It's not a surprise that each time researchers and other experts revise the "bible" of psychiatric diagnosis in America, they change categories and definitions of disabilities. But when that change hits close to home—say, narrowing the definition of autism spectrum disorder—it gets a lot more press than usual.
The next edition of the Diagnostic and Statistical Manual of Mental Disorders (DSM-5), which psychiatrists and other practitioners use as a guide to diagnose psychiatric disorders, is in the late stages of a long revision process; it goes to the printers in December. Many of the suggested changes have been posted for comment for the past year. This past week, The New York Times weighed in on two proposed changes.
In "New Definition of Autism Will Exclude Many, Study Suggests," writer Benedict Carey describes a recent analysis by Dr. Fred Volkmar that estimates how many people now classified as having Asperger's syndrome or "pervasive developmental disorder, not otherwise specified" (PDD-NOS) would not qualify as autistic under the proposed guidelines. Without the "autistic" label, these people might not qualify for extra help at school; insurers might not cover their therapy. Small wonder people started to panic (at least in the comments on the Times story). Still, as Gil Tippy of the Rebecca School in New York advised on the Thinking Person's Guide to Autism site, "If you, or your son or daughter has an appropriate diagnosis on the Autism Spectrum now, responsible clinicians will find that you or your children meet the criteria for Autism Spectrum Disorder under the new guidelines."
Another change highlighted this week would add "grief and grieving" to the list of criteria used to diagnose depression (writer Benedict Carey also mentions other changes, too). A lively discussion follows on the Times's Well blog.
Back in 2009, when discussion about the DSM-5 was starting to roll, we invited the scientists leading the revision process to describe their plan. Their essay, for our Cerebrum periodical, may not have been one of our better-read pieces at the time, but has grown in interest since. We paired it with a call from Johns Hopkins psychiatry professor Paul R. McHugh that the editors focus on disorders’ causes and disease processes, in part to improve upon what the two most recent editions of DSM have produced: “a psychiatry that’s boring.”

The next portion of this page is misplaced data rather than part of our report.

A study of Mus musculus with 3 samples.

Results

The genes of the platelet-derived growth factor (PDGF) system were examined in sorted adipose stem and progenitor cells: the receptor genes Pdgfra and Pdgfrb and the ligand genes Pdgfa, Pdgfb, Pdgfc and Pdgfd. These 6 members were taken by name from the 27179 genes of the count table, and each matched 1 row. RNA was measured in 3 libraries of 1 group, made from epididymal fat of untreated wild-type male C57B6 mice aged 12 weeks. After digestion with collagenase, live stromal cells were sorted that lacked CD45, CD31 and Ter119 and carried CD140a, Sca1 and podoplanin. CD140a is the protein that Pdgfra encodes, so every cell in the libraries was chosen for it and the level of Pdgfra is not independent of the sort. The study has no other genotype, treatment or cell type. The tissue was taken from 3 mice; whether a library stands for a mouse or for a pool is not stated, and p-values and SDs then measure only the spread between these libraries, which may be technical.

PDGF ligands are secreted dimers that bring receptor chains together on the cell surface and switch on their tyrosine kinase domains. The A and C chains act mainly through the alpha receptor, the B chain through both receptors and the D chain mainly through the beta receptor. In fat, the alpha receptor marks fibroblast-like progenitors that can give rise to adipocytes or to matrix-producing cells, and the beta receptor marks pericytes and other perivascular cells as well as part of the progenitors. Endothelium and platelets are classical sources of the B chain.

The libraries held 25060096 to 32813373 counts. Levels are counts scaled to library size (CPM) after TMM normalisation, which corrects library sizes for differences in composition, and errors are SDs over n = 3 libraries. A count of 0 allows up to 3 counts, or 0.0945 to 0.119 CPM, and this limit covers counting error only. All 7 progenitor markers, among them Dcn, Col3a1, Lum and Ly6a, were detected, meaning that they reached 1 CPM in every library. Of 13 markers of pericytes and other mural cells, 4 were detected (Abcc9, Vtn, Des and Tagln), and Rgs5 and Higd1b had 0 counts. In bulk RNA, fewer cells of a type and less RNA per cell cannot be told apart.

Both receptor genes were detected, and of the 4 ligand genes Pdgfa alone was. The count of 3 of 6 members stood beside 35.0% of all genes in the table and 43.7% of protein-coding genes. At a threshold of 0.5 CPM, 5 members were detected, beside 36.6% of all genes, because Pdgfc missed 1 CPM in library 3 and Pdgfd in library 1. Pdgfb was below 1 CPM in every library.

Early in 2011, former Harvard provost Steven E. Hyman weighed in for Cerebrum on how the process was going—his title: "Diagnostic Classification Needs Fundamental Reform." (Hyman is a member of the DSM revision task force, but was writing as an individual.) In his argument, he acknowledges that radical reform may need more time (i.e., the 10 years until DSM-6). In terms of individual diagnostic categories, though, "I would recommend that the DSM-5 take a conservative approach, leaving criteria unchanged unless compelling new evidence suggests that a change would be beneficial. Whatever the ultimate approach to the DSM-5, it is critical that the scientific community escape the artificial diagnostic silos that control so much research, ultimately to our detriment."
(Also, Seth Mnookin has posted a great roundtable discussion on the image of autism, including who speaks for autistic people and how the spectrum is covered by the media.)